How to get started with gender neutral language
Six tips to help you be more inclusive, so that you can attract and engage a more diverse audience.
- 5 minute read
When I started learning French at school, I remember the first thing that struck me was how some words were masculine and some feminine. Having only known English until this point, I wondered how anything inanimate, or conceptual could be assigned a gender.
In more recent years, I’ve begun to further realise that many languages are inherently gender biased because of the way they’ve been formed. In particular, within French, Spanish, Hindi and Arabic, masculine is the default gender and feminine nouns are often variations on the masculine ones.
And while in English this doesn’t happen as often, we do still choose to assign genders to certain objects as part of tradition. Boats or ships for example are often referred to as being female, or will be given female names.
As the English language evolved from a myriad of other languages, Latin and French among them, it’s only natural that we’ve adopted some of the same practices with assigning genders.
Why does gender bias matter?
The words we use are shaped over time by the societies and cultures they are part of. They reflect and influence how a society or culture considers gender. They are full of meaning, they are nuanced and they change gradually over time.
Think about the word gay.
In the 14th Century it was taken to mean ‘full of joy, merry; light-hearted, carefree’. It went through subtle changes to how it was used throughout the following centuries, becoming more connected to brothels, but only in the 1940’s do we see the clear association with homosexual as we know it today.
Often it was used in a derogatory sense by psychologists as well as being slang used by homosexuals. There is even a more modern use of gay from around 2000, when for a time it came to mean ‘bad, inferior or undesirable’.
The impact on recruitment writing
For anyone working within the recruitment or employer brand world, this can feed into who wants to apply for a role and how comfortable they feel doing this. And on the flip side it can impact who we hire, how we assess candidates and who we choose to promote.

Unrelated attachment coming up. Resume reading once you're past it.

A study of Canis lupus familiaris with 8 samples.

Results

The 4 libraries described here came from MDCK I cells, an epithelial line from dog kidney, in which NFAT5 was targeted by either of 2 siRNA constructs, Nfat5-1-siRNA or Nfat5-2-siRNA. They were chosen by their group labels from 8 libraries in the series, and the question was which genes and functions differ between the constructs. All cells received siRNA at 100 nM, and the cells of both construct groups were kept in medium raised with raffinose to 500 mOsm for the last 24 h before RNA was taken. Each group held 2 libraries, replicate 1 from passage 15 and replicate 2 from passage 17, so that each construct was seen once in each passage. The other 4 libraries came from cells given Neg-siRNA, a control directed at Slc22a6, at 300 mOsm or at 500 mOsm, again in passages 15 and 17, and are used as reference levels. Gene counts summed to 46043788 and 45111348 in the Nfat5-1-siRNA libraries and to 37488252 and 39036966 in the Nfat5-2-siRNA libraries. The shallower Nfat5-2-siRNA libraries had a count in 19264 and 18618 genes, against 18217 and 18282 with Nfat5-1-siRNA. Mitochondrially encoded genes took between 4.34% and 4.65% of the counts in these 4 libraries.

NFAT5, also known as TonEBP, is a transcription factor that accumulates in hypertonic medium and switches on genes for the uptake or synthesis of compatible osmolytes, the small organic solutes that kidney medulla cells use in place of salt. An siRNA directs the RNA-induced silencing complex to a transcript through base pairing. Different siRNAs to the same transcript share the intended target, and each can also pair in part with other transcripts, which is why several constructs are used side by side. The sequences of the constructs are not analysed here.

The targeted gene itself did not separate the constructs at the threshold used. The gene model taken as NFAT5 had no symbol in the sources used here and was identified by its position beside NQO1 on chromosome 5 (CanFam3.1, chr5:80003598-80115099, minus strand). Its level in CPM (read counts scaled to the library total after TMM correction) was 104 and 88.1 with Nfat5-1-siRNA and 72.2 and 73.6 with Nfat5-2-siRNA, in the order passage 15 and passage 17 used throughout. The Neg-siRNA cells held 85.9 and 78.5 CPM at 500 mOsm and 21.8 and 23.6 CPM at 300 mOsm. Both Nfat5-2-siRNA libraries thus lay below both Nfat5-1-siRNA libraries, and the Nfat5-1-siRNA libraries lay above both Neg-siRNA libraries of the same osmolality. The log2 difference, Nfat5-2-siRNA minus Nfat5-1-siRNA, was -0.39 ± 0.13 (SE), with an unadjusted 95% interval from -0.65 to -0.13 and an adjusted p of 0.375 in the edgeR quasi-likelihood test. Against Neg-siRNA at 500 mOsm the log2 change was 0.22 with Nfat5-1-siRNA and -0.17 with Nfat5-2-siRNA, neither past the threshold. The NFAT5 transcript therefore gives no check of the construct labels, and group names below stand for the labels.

Example job ad below:
The above example uses the masculine noun Chairman, which is clearly gender biased. A more gender neutral term would be Chairperson. Alongside this however, it also uses words which are gender-coded1.
Leadership, decision, driven, challenge – are all words which research has shown to be currently more appealing to men and less appealing to women when applying for jobs. This is less about a direct translation of a word and more about how we feel about a word’s meaning in the present day. These meanings may change over time as perceptions of gender change, but it’s good to be aware of them when you’re writing.
Forgetting the binary
One of the biggest challenges we face with language today is that we do not live in a binary world. The way people think about gender has advanced drastically and there now exists a whole spectrum of gender identities to consider.
If we continue to use language in such a binary way, we will be alienating a huge proportion of society from feeling included, accepted and equal. We need to think about not just the language we use when writing, but how we speak to others too – accepting that it’s up to others to choose how they’d like to be referred to.
So, where can you start?
The best way is to keep yourself informed and up-to-date. Read articles on the use of inclusive language and how it’s changing, learn about LGBTQ+ terminology and the pronouns people like to use. That way you can know if a term is becoming outdated or if a new term comes to light and is preferred.
And to help you make a start today towards more inclusive writing, here are six quick tips to remove gender bias from your communications.
- Use people’s preferred pronouns wherever you can. Ask if you can, and when you’re not sure, avoid using gendered pronouns like he/she and use ‘they/them’ instead.
- Always check for gender neutral job titles: Fireman – firefighter, Salesman – salesperson, Postman – postal worker, Policeman – police officer.
- If you’re describing a person and the role they do – ensure you’re not adding unnecessary and gender biased information. For example, “She’s a really good female software developer.” There’s no need for the word female, and it only seeks to reinforce a belief that this isn’t a role usually performed by women.
- Watch out for biased terms for groups of people or idioms – mankind, man-made, the common man. These can be replaced with words like people/human-kind, handmade/manufactured, average person/everyone.
- You could also play with gender expectations and try to ‘flip the narrative’. Say you’re recruiting for a nurse. Many people would think of women first in this role because of stereotypes which already exist. Using words which are more masculine to describe the role, might encourage a more diverse audience to read and respond to it.
- Run your job adverts through a tool like The Gender Decoder by Kat Matfield to check for gender coded words and try to find a better balance.
Want to know more about how to approach diversity, inclusion and equality within your communications? Get in touch with us at firstname.lastname@example.org.
1 Gaucher, D., Friesen, J. & Kay, A.C. (2011) Evidence That Gendered Wording in Job Advertisements Exists and Sustains Gender Inequality. Journal of Personality and Social Psychology, Vol 101(1), p109-28.